Plastic packaging is responsible for almost half of the world’s plastic waste. It’s particularly flagrant in the personal care and beauty industry, which globally produces 120 billion units of packaging per year. The bottles and packs themselves scarcely contain recycling instructions, and they end up in landfills, oceans, and our bloodstreams.
Reducing those harms is the basis of a new initiative from Blueland, an eco-friendly cleaning company. Today, it’s launching a social media service that lets anyone tweet at the company for advice on how to recycle a beauty product—from any brand—and it will respond with information on proper disposal.
The resource aligns with Blueland’s mission of reducing waste—though it stresses that the ultimate solution is not recycling, but rather to consume less plastic overall.
The process is straightforward: Just tweet @Blueland with the name of the product (ideally with a photo) and where you live, and a representative will respond with information about how to dispose of it responsibly.
“It’s very simple, and that’s the beauty of it,” says Sarah Paiji Yoo, the company’s cofounder and CEO. She says there will be someone from Blueland on hand at all times to field Twitter queries, but that respondents will be doing manual research on the material in question, so it may take some time to get back to the user.
Having lived a zero-waste lifestyle with her family for the past four years, Paiji Yoo herself often reaches out to customer service departments to ascertain product packaging information, and she knows it’s not always a straightforward process. She admits that there may be instances when despite their best efforts, her team won’t be able to provide a clear answer.
Paiji Yoo says packaging details are much more common on cleaning products, down to the type of plastic used, whereas on beauty items often “you can’t even discern what material it is.”
Many companies avoid it because they use the small bottle space to tout the product—and sometimes it’s simply not recyclable. “It’s not something that brands are excited to be shouting from the rooftops,” she says. It’s also not federally required to provide packaging material or recycling information on product labels.
Recycling policies vary drastically by state and municipality. In Seattle and Connecticut, for instance, by law residents can be fined if they throw away too many recyclable goods; Vermont has a landfill ban on certain items. Additionally, many U.S. municipalities don’t even recycle glass.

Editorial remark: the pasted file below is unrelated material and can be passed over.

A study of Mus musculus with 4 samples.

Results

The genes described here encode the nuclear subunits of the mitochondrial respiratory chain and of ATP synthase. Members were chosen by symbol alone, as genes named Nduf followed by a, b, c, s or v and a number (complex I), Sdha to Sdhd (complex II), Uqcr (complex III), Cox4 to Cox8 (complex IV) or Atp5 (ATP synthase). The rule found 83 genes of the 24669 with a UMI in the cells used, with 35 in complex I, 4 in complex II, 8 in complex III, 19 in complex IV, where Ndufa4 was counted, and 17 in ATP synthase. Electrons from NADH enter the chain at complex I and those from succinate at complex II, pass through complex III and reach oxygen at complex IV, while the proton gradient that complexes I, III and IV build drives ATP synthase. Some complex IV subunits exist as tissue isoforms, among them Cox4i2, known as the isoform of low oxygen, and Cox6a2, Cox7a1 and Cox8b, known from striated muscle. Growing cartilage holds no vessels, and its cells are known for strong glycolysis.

The hope at Blueland is to offer granular-level advice to those who reach out, down to whether or not to remove bottle caps, which is preferable in many areas, but not in New York, with its very advanced, single-stream recycling system. Because of the difficulty of finding some information, Paiji Yoo warns candidly: “I am afraid that sometimes our answer is going to be: We actually don’t know.”
Blueland has been a pivotal influence in refill-and-reuse methods in the cleaning industry. Its staple is its “forever bottle,” whereby customers buy a bottle once and refill it with the company’s solid-form soap and cleaning tablets (and add water), minimizing single-use plastics. The company estimates that its sales have saved a billion single-use plastic bottles since its launch in 2019. It recently branched out of its home-cleaning niche with a body wash, and today it’s adding a facial cleanser, which is also refillable.
Blueland’s Twitter service will accommodate all brands, including rivals; because the company’s mission is to reduce waste, it puts a lot of effort into education and awareness.
“There is such a massive opportunity for us to really impact the broader industry, and that’s something that we’re so proud of having done in the cleaning space,” Paiji Yoo says, noting that the more consumers know about the recycling process, the more it can also influence which products they choose to purchase in the future.
Paiji Yoo stresses that the Twitter service isn’t a gimmick, and says she wants to continue it as long as there’s demand for the information. But she underscores that recycling isn’t the end solution to curbing waste—it’s just one part. The goal is to replace disposables with reusable materials.
“[Recycling] is still an imperfect solution,” she says. “Ultimately, we need to just consume less.”